LOS ANGELES - Los Angeles County reported 2,781 new cases of COVID-19 and 10 additional deaths Sunday, though health officials said the case numbers and deaths may reflect delays in weekend reporting.
In a slight bit of good news, the number of coronavirus patients in county hospitals dropped for the fourth consecutive day, declining from 1,746 on Saturday to 1,722, according to state figures. That number was 1,786 on Thursday. However, there were 439 COVID patients in intensive care on Sunday, up from 435 the day before.
The latest figures brought the county's totals to 1,383,186 cases and 25,071 fatalities since the pandemic began, according to the Los Angeles County Department of Public Health.
On Saturday, the department once again reminded residents that vaccinated people have greater protection against negative health outcomes should they contract the virus.
"Everyone who is not yet vaccinated needs to know they do not have the same protection as vaccinated people," Public Health Director Barbara Ferrer said
As of Aug. 7, unvaccinated adults between 18 and 49 years old were 25 times more likely to be hospitalized with COVID-19 than vaccinated adults of the same age. It's not as simple to measure the number of times more likely this unvaccinated demographic is to die from the disease because there have been "virtually no deaths in vaccinated members of this age group," according to Public Health officials.
Meanwhile, unvaccinated adults over age 50 were nearly a dozen times more likely to be hospitalized than their vaccinated counterparts, and 17 times more likely to die.
"While the vaccines are not perfect, and many of us may know someone who is fully vaccinated and ended up getting COVID, all three vaccines continue to do what we most need them to do: They protect from the worst outcomes of COVID-19 and allow our hospitals and clinics to continue providing the full range of services to everyone who needs health care," Ferrer said.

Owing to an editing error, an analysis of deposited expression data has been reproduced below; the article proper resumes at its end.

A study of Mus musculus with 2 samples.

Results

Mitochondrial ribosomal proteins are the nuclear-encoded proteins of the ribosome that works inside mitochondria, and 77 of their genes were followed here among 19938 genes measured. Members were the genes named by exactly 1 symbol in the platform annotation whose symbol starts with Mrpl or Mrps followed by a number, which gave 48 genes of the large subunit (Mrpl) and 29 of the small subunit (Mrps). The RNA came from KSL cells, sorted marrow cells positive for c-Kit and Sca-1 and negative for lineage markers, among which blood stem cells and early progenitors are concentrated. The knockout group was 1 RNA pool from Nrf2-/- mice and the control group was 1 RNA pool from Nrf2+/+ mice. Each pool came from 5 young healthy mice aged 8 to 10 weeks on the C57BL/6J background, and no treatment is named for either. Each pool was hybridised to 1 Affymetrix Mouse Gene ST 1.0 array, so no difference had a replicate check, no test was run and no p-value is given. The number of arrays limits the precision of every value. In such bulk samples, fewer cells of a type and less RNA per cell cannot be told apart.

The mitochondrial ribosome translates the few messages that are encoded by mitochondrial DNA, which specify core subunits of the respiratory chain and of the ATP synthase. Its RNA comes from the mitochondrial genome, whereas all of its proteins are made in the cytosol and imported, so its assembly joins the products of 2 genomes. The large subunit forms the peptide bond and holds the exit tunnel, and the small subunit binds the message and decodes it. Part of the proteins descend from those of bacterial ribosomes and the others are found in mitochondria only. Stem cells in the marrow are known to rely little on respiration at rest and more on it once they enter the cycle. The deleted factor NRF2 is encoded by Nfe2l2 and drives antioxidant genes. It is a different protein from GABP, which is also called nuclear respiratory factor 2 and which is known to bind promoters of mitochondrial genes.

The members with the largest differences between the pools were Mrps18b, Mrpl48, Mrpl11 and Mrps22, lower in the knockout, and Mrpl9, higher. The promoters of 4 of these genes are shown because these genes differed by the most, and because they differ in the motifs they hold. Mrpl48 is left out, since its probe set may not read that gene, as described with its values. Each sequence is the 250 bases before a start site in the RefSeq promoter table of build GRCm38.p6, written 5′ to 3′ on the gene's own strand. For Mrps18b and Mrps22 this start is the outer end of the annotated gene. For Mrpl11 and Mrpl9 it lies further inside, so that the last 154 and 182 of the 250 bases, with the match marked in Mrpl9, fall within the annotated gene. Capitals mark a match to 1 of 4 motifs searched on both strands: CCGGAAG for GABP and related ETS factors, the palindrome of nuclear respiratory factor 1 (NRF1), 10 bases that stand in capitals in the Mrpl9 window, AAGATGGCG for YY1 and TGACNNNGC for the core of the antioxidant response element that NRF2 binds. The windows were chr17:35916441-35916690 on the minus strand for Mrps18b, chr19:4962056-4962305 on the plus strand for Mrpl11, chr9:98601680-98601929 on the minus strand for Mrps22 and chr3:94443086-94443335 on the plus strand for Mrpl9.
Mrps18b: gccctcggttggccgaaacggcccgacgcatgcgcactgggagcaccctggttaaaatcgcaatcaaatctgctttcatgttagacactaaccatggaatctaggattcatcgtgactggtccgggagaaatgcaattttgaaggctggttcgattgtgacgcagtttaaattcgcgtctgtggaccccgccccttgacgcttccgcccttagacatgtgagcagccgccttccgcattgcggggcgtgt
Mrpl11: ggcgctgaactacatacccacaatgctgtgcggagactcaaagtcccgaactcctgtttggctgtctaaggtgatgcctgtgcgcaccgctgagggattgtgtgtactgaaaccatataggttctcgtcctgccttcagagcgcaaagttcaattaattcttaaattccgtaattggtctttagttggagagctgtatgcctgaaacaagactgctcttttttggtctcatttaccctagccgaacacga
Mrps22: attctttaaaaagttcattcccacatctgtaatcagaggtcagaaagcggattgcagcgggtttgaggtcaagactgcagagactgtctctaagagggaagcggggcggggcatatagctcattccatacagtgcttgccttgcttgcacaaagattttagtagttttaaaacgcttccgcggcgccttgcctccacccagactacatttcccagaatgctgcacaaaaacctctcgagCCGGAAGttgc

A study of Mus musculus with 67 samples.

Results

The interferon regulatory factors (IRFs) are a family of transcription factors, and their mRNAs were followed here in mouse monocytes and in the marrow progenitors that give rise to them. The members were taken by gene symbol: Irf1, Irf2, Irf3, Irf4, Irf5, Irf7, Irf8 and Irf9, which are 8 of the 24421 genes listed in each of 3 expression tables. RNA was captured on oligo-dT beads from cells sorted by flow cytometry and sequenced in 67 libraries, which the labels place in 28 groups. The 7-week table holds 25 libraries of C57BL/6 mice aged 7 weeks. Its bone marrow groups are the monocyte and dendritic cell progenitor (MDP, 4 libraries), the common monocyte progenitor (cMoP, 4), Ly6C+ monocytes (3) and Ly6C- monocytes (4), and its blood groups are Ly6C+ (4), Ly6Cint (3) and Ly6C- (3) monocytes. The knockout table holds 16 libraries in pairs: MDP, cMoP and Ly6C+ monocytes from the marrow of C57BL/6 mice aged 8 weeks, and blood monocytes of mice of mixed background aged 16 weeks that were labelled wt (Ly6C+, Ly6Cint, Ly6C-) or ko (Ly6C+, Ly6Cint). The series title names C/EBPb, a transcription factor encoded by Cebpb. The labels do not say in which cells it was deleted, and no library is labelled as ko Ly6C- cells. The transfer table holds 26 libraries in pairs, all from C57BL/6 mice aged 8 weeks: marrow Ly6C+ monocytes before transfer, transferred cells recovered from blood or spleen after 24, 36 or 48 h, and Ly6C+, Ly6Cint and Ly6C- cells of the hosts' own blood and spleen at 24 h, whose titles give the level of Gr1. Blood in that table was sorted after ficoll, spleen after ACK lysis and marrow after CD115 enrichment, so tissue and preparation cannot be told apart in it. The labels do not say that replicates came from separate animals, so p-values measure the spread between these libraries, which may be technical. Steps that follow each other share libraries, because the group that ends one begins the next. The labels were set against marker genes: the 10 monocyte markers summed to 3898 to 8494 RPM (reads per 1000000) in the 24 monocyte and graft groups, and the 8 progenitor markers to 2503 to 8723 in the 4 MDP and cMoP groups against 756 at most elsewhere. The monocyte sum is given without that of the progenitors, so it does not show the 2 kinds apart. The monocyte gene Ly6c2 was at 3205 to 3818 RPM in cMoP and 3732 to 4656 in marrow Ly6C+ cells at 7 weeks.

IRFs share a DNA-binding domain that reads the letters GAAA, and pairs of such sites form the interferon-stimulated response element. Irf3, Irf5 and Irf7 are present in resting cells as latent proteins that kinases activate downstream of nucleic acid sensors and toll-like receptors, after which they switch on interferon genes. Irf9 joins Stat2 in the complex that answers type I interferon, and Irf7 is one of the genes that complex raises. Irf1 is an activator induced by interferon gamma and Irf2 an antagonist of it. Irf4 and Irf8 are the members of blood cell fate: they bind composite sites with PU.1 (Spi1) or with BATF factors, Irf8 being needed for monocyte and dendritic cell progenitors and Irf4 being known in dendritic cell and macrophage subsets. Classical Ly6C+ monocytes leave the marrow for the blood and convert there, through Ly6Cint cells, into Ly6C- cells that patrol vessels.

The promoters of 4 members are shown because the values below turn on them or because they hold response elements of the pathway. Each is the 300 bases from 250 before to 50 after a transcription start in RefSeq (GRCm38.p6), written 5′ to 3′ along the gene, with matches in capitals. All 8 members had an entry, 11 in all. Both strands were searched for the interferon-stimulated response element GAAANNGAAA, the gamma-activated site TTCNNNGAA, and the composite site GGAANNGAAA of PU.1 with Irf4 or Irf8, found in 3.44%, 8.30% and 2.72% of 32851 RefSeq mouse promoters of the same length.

The latest figures show that 73% of county residents age 12 and over have received at least one dose of vaccine. Among the overall 10.3 million county residents -- including those too young to be eligible for the shots -- 63% have received at least one dose and 55% are fully vaccinated.
"With almost 3 million L.A. County residents 12 and older still not vaccinated, our recovery journey can become compromised," she said.
L.A. County's cumulative death toll increased to 25,061 on Saturday.
There are 1,775 people with COVID-19 currently hospitalized countywide, 24% of them in intensive care units.
"Relative to unvaccinated adults, hospitalization rates among vaccinated adults of all ages remain very low. The data continues to show how well protected vaccinated people are from bad outcomes. Our top priority is vaccinating those not yet vaccinated," she said.
She also said she expects daily new case numbers to remain high in the coming weeks due to the increased testing required at many schools and businesses.
The health department on Friday reminded residents about the need to get tested if they develop symptoms or were exposed to the virus -- even if they are fully vaccinated. Those people should also isolate from others while awaiting test results, according to the county.
The county also urged people to cooperate with contact-tracers, who reach out to those who test positive or have been exposed. The contact-tracing process is considered crucial to identifying people who may have been exposed to the virus without their knowledge, and to containing potential outbreaks. Contact tracers can also provide information about isolation and quarantine and how to access services and providers.
Calls from contact tracers will display on phones as "LA Public Health" or 833-641-0305.
People who have tested positive for COVID-19 but have not received a call from contact tracers were urged to call 833-540-0473.